This morning I met up with Asia for our weekly Thursday hill repeats. We’re training for the San Diego Rock n’ Roll Half Marathon together and following a training plan from Suja Juice which calls for 30 minutes of 45 second hill repeats on Thursdays (plus warm-up and cool-down). After factoring in recovery time as we run down the hill (and the fact that our hill is about 50 seconds, not 45), this means we’re running up and down the same hill 15 times.
This morning was tough. I woke up really, really tired. Knowing that Asia was depending on me and I had no real excuse for canceling on her got me out of bed. When Asia arrived at my house we were both groaning about being tired. During our warm-up the thought crossed my mind that I should suggest that we skip the hills and just do an easy run. But I ignored it. About 10 minutes into the hill workout, I was getting tired and I looked at my watch and miscalculated and thought we only had 10 minutes left. When I realized my error, I considered suggesting we cut it off at 20 minutes instead of 30. But, I didn’t. I finished the workout and although it wasn’t the best speed work session of my life, it got done and I’m fitter and faster for it (or at least will be after I recover and hopefully get some more sleep!).
I know all athletes suffer from lack of motivation at times. Tough workouts are especially hard to get motivated for. It’s a lot easier mentally to get ready for an easy jog than it is to think about doing laps around the track with your lungs burning, running up a hill with your legs burning or running 20 miles when you’d much rather go get coffee with friends or sleep in on a Saturday. But we all know that those hard workouts are necessary to get faster and stronger.
Here are some things that have helped me get through particularly hard workouts.
- Make plans with a buddy. Not only does having a workout partner make you more accountable to start the workout, I guarantee you’re going to run harder and faster knowing that your workout buddy is watching and/or pacing along side you.
- Visualize your goal race finish line. This is especially helpful for finishing a long run strong and for speed work. Imagine yourself beating your goal time. Imagine whoever is coming to cheer for you smiling and waving as you cross the finish line. Heck, imagine what you’re going to post on social media afterward. I used visualization a lot when training to attempt to BQ at CIM, especially at the end of a long run when I wanted to finish strong.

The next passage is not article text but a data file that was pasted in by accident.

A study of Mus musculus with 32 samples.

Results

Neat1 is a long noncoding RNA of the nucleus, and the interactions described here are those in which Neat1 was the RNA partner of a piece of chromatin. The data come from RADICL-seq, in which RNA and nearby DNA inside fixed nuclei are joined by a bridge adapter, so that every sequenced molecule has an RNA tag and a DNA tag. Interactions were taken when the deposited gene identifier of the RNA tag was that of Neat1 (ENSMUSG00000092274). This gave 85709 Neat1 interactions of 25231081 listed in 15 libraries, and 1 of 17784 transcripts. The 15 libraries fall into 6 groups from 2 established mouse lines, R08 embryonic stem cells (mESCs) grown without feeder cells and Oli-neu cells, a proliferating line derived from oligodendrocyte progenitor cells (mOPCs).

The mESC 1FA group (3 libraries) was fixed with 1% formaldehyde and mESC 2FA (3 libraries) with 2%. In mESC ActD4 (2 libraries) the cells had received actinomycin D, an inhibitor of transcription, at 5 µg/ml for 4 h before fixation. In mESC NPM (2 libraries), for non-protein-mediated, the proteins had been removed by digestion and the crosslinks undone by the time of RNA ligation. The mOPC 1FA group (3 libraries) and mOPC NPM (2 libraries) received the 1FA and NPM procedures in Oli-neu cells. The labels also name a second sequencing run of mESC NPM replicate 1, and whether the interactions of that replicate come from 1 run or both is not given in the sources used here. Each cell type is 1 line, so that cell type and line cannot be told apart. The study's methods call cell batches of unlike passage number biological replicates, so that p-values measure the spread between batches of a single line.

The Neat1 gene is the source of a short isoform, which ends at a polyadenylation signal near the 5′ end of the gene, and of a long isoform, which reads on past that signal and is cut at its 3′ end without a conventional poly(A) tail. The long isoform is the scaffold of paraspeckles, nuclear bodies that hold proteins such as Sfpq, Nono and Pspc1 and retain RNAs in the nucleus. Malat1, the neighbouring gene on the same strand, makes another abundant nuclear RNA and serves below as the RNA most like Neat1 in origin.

- Break down the remaining time into manageable chunks. When I looked at my watch this morning and realized I actually had 20 more minutes left, I simply set the goal of getting through the next 10 minutes. Once I got through that, I told myself I could easily do another 10. It’s kind of like weight loss goals – although you might want to lose 50 pounds, focusing on 5 pounds at a time is a more realistic plan.
- Tell yourself the last rep or two is bonus. Similar to the last example, when I’m struggling mid-workout, giving myself an out sometimes helps keep me motivated. I guarantee that once you get to the last rep – whether it be a lap around the track, a hill repeat or the final portion of your tempo run, you’ll keep going.
- Keep yourself accountable via social media. Use platforms like Strava or Daily mile to post your workouts and paces for others to see (or brag on Instagram!). Knowing that other people are going to look at your performance can definitely give you a boost. Of course, if you have a coach, that’s built in motivation to check off a green box in Training Peaks or report a good run back to your coach.
- Get Distracted. Recently I’ve been listening to podcasts during solo long runs. Focusing on the podcasts really takes my mind off of how many miles I’ve run or how far I have to go. I also save certain podcasts (like my “Ask Lauren Fleshman” Running on Om podcasts) just for long runs so that I really look forward to running them and listening. During speed work, it’s hard for me to even focus on music let alone a podcast. Instead, I focus on something around me – whether it be another group of runners at the track (can I catch them or at the very least, not let them catch me?) or I’ll use my Garmin to distract me by trying to do math to calculate some random metric.
- Reward Yourself. Its rare to finish a hard workout and regret it. If you remind yourself of how amazing you’re going to afterward, it’ll be easier to get out the door or continue the workout. Sometimes I’ll even bribe myself with food- if I don’t do my run, I don’t get to dip into the chocolate jar at work that day (I’m not sure I actually hold myself to it, but I guess it makes me feel better about eating candy for no reason if I know I got a good workout in that morning!).
These are ways I keep myself motivated. What motivates you? I’d love to hear!